Flight training is a course of study used when learning to pilot an aircraft. The overall purpose of primary and intermediate flight training is the acquisition and honing of basic airmanship skills.
Although there are various types of aircraft, many of the principles of piloting them have common techniques, especially those aircraft which are heavier than air types.
All training courses consist of some combination of theoretical learning conducted on the ground, and practical exercises conducted in the air. Initial training is often conducted in specialised training aircraft, which are designed for benign handling characteristics and lower costs compared to the aircraft which the pilot concerned is ultimately aiming to fly. Flight simulators are also used to train pilots in some circumstances, at much lower cost and risk than actual flying. The minimum amount of flight training required for private pilots is generally set at 40 hours, however most students require 50-80 hours of training.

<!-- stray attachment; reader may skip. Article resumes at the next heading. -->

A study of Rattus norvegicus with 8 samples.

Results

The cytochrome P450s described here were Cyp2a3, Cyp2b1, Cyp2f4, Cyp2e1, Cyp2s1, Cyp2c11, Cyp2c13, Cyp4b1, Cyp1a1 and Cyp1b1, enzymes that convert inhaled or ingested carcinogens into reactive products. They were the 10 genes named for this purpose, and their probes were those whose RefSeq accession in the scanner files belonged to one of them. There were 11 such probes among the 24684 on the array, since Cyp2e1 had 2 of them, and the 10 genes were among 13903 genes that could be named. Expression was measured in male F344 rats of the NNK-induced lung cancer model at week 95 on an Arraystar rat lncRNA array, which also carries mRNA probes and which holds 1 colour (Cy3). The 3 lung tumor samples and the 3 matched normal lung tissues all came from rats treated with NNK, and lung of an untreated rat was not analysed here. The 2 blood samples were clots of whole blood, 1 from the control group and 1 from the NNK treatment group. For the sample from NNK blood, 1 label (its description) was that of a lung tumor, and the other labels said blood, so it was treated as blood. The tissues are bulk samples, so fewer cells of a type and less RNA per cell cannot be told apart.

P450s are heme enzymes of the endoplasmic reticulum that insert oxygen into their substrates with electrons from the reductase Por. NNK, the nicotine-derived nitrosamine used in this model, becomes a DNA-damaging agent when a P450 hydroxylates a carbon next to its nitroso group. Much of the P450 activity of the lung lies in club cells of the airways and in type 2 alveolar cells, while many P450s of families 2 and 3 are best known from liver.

In basic training, the following fundamentals of safe flying are covered for almost all aircraft (with a few exceptions for the smallest ultralights missing some features):
- Principles of Flight
- Flight Regulations
- Radio Communications
- Flight Instruments
- Human Factors
- Medical Certification
For powered aircraft:
- Airframes, Engines and Systems
The FAA Knowledge Test is administered at designated testing centers and consists of a computer-generated 60 question multiple choice exam. Practical Tests are conducted by an FAA or FAA-designated examiner. Upon satisfactory completion of the practical test, a private pilot certificate is immediately issued.